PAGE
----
Can color-coded COVID alerts keep students on campus?
McDaniel College this fall semester will use a traffic-light-style color code to keep students informed about the status of COVID suppression efforts on campus.
As the Maryland college welcomed its largest-ever incoming class this week for hybrid classes than began Thursday, administrators placed the campus on a yellow alert level.
The yellow alert, which will remain in place for the first two weeks, requires students to: Check for symptoms twice a day; follow all safety procedures such as wearing masks and social distancing; and avoid non-academic gatherings.
The college’s “Community Safe. McDaniel Strong” campaign features extensive signage reminding students about the safety measures and behavior needed to keep the campus open through Thanksgiving, says Cheryl Knauer, McDaniel’s director of public relations.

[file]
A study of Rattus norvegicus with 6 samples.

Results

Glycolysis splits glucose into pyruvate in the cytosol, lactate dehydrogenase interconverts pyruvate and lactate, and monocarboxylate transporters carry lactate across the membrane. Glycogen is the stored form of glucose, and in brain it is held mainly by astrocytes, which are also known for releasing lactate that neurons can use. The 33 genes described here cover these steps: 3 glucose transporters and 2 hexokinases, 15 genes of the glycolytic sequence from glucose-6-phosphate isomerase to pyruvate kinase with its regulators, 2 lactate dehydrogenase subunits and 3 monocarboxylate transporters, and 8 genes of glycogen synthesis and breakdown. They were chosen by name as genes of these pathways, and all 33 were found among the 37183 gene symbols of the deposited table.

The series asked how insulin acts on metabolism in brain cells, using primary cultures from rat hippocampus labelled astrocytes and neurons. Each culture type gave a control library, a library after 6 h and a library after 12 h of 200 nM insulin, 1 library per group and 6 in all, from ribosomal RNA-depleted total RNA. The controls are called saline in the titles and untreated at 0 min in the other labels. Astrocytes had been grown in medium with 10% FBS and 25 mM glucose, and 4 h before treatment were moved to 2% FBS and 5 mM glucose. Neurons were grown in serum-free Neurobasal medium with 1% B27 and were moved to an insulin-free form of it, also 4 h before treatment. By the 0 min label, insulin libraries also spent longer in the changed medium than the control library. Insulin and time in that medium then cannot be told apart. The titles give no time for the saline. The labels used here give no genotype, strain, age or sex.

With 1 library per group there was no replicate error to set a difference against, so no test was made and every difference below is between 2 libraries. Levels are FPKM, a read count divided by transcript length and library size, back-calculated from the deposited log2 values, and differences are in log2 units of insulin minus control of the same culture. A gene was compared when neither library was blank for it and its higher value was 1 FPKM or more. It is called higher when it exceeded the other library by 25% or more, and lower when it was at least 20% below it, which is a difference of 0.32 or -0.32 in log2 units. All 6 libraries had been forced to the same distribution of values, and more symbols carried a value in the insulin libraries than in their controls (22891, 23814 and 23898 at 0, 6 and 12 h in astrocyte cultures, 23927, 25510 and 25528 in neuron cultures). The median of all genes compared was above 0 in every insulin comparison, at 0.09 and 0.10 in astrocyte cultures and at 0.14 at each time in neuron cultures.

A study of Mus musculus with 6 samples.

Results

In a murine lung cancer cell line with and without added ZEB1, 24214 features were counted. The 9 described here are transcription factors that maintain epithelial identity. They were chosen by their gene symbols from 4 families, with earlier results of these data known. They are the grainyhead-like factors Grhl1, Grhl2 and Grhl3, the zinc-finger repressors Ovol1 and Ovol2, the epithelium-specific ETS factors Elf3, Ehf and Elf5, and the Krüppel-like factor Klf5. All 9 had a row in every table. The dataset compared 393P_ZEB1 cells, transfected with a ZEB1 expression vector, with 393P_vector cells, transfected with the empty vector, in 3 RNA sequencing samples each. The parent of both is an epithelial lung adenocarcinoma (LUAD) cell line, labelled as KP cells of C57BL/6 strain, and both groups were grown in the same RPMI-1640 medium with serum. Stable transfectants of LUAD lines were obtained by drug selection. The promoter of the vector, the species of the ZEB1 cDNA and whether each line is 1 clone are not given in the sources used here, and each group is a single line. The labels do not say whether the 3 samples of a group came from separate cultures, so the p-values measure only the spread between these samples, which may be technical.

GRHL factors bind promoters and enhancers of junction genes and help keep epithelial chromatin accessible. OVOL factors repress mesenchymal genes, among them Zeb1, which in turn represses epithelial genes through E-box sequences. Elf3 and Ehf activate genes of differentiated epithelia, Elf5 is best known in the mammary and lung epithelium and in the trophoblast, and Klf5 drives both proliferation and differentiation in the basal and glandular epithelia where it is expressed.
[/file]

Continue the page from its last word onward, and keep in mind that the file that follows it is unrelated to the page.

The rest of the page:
The campus also designed on “on-track challenge” scavenger hunt where students followed clues to different stations where they learned about all the safety procedures and new features, such hydration stations, that have been implemented.
At each stop, they got a prize such as a water bottle, t-shirt, McDaniel-branded mask or a cinch-bag. “Overwhelmingly, our students want to be here and have an in-person experience even if they’re taking classes online or in a hybrid,” Knauer says.
McDaniel’s move-in safety
During this week’s move-in process, students used a mobile app to reserve a check-in time. Once on campus, they remained in their cars as they checked in for the semester in the school’s stadium.
They drove past tents where they picked up room keys and collected other information.
Two students, who contracted the virus off-campus, were diagnosed positive for COVID during testing done during McDaniel’s move-in process this week, Knauer says.
As for the hybrid courses, the semester will consist of two seven-week sessions, which will limit the number of people each student or instructor must interact with, Knauer says.
The college has asked instructors to plan one in-person session each week.
UB’s coronavirus page offers complete coverage of the impacts on higher ed.